It appears that the vinyl “fad” is officially a trend. Everyone from cash-strapped millennials to well-to-do audiophiles is embracing or rediscovering the glories of the long-playing phonograph album (and 45s too). Of course, we know that vinyl never went away in hifi; it has always been a reference standard for audiophiles. As such, the hifi exhibits at the Venetian at this year’s CES featured a preponderance of turntables and other vinyl-related gear.
An interesting new product from a company called Sweet Vinyl sparked my curiosity this time around. The Sugarcube is described as a “hi-res all-in-one vinyl digital recording and playback platform.” Company founders Leo Hoarty and Dan Eakins demoed the Cube, which makes digital recordings from vinyl records and also incorporates an audiophile click-and-pop filter.
The Cube uses a 192k/24 bit analog-to-digital converter to filter surface noise from records in the digital realm. The listener can control the strength of the filter via a front panel adjustment or using a mobile app. Leo and Dan demoed this feature using an old pressing of James Taylor’s Sweet Baby James (which they had purchased in Vegas for $3). The noise removal from this well-worn disc was quite effective, but even more impressive was the passive internal audiophile-grade relay they use to bypass the filter. I detected little, if any, color from the bypass in the analogue realm.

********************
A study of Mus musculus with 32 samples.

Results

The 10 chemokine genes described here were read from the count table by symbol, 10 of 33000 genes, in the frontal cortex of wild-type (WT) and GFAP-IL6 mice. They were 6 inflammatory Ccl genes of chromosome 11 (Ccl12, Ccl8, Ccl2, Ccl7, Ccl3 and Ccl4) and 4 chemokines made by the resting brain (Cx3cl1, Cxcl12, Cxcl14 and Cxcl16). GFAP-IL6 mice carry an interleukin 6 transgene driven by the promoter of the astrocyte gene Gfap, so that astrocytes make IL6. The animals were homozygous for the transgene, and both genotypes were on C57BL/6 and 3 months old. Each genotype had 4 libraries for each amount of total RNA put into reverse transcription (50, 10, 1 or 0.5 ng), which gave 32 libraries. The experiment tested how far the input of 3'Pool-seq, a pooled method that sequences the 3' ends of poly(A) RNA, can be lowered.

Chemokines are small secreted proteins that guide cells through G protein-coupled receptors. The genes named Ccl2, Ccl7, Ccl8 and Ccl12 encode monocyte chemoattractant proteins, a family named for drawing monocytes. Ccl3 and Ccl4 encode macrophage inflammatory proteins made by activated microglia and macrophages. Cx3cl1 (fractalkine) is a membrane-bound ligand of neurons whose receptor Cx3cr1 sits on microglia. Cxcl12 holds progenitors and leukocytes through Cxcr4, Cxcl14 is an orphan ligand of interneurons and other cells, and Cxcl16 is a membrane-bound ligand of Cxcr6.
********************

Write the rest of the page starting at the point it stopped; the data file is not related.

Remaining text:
The Cube also incorporates lossless digital recording capability. Using the front-panel USB jack, recordings of vinyl records can be made in almost any digital-file format to virtually any type of digital-storage device. What’s more, the Cube automatically inserts track separation, and its proprietary software allows for LP metadata tagging. Sweet Vinyl’s smart software accurately determines actual vinyl-album info, like sides, tracks and track lengths. Album information can be displayed via the front-panel or their mobile app.
There are other ways to accomplish this stuff, but I found the Sugarcube to be a very elegant and well-engineered piece of gear. It’s a lot less fussy than performing these functions via a laptop, and I really enjoyed the audiophile-grade headphone amp. The SC-1 will sell for around $1000 and the full-featured SC-2 will be around $2000. Interesting products definitely worth a look.